They say that the only two things guaranteed in life are death and taxes. And while it’s easy to look past the former given the distractions, joys and struggles of everyday life, the reality is that one day or another, everybody’s time will come.
Whether that time is a day or many decades away, having a formal will in place can provide comfort to your family and ensure your final wishes are carried out.
Unfortunately, data suggest that more than half of all Americans still have not taken the important step of creating a formal will or final testament, putting their families at risk of paying a heavy toll, both financially and emotionally. Though it’s naturally a difficult subject, there’s little debate: writing a will is a smart money move.
When thinking about wills, it’s easy to drift to the Hollywood-style portrayal of a stodgy lawyer droning through a long list of assets while grieving family members gather around, or the father on his last breath who’s scribbling down how he’d like to divide up his property before he meets his end. In reality, the process of writing and executing a will is far less dramatic.
For many middle-class Americans with standard assets and family structures, creating a will is easy and inexpensive. In most cases, online legal tools and software programs make it possible to set up a basic will for less than $100. With these tools, you answer guided questions about your finances and how you’d like to disburse your assets once you’ve passed. Once you’ve finished making your will online, you sign it and the output is a binding legal document (but there may be local or state rules requiring witnesses; see "Witnesses, executors and local guidelines" section below).
On the other hand, if you’ve got a more complex financial situation, own a wide variety of assets or want to be extra cautious about avoiding unnecessary estate taxes, it’s probably in your best interest to consultant an attorney to guide you through the process.
But when should you start making a will?
Every adult can and should create a personal will; however, it’s typically considered more important to have one in place if you’ve built up sizable personal assets or if you’ve had a child.
Regardless of the route you choose, one of the core aspects of writing a will is outlining all of the assets you plan to pass on to loved ones. Everything from your home to the golf clubs collecting dust in your closet is fair game.
As you start the process of drafting a will, take a moment to reflect, independently or with your spouse, and take an inventory of the physical and financial assets you possess. Include details such as serial numbers, appraised values and account details to ensure there’s no ambiguity.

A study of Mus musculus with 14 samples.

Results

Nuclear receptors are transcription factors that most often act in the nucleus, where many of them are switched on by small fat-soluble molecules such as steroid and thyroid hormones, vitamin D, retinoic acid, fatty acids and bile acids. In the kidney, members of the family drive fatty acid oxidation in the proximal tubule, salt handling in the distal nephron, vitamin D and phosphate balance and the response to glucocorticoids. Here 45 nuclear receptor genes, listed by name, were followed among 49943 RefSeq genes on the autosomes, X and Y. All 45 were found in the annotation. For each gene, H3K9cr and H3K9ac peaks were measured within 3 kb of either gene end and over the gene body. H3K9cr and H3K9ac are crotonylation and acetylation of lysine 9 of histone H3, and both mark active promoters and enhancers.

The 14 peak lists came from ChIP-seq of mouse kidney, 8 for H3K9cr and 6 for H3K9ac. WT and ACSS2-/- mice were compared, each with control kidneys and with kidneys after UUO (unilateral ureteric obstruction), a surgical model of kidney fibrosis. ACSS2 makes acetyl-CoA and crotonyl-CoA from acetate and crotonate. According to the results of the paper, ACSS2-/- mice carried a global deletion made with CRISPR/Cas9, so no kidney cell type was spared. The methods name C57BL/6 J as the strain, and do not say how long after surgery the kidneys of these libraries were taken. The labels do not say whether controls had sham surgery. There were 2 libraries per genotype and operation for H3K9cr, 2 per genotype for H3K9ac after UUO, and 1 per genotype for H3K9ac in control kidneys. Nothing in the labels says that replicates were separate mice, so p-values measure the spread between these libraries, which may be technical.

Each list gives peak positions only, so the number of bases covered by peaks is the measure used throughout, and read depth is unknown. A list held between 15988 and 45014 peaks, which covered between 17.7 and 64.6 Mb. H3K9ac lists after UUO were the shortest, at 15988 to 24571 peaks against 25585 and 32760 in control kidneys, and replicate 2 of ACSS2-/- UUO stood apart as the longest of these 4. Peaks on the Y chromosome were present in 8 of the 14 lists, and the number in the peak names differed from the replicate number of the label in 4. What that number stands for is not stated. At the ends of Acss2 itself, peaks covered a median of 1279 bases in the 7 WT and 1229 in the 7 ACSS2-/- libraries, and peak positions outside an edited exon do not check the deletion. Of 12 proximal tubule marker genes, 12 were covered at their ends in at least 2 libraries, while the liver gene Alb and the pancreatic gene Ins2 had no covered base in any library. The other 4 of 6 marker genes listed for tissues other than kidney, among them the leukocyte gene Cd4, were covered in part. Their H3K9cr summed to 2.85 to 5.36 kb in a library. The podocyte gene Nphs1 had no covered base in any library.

This makes it easier to distribute your assets and leaves less up to chance. When an asset is unaccounted for, there’s often a gray area about how it’s to be divided among the family, which can lead to turmoil and additional legal fees.
One of the biggest challenges families face when executing a will is ambiguity. Because of this, it’s often best to over-communicate. For example, if you've got a daughter or niece who you'd like to bequeath a family heirloom to, make sure it's stated explicitly. Conversely, if there’s an individual who you’d like to be excluded from receiving an inheritance, it’s important to state that as well. In certain cases, an omission may be interpreted as a mistake, which could lead that individual to challenge the will in court.
By the same token, you should keep beneficiaries of retirement accounts and insurance policies up to date – or name beneficiaries if you haven’t already. Doing so is another way of ensuring that correct individuals are spoken for after you’ve passed away.
Wills are binding legal documents, and specific requirements about how they’re witnessed and executed vary by state. Because of this, you may need as many as two neutral witnesses before your will can be finalized.
You’ll also need to specify an executor of your will. This is a person who manages the disbursement of assets and represents your interests in any legal proceedings. Due to the sensitive nature of this process, experts often recommend this role be filled by a trusted friend or colleague who’s not directly benefited by your estate.
If you have specific concerns about local or state guidelines when drafting your will, it’s wise to consultant an attorney in the area.
Creating a will is an important first step, but it’s only the beginning. When your personal finances and relationships with loved ones change, make sure your will follows accordingly. As a rule of thumb, it’s good to review your last testament every 3 to 5 years, or after a major life event, such as the birth of a grandchild or the passing of a loved one.
By taking just a small bit of time to create a will, you can be sure you’re leaving the best situation possible for your loved ones and get back to focusing on what matters most: family.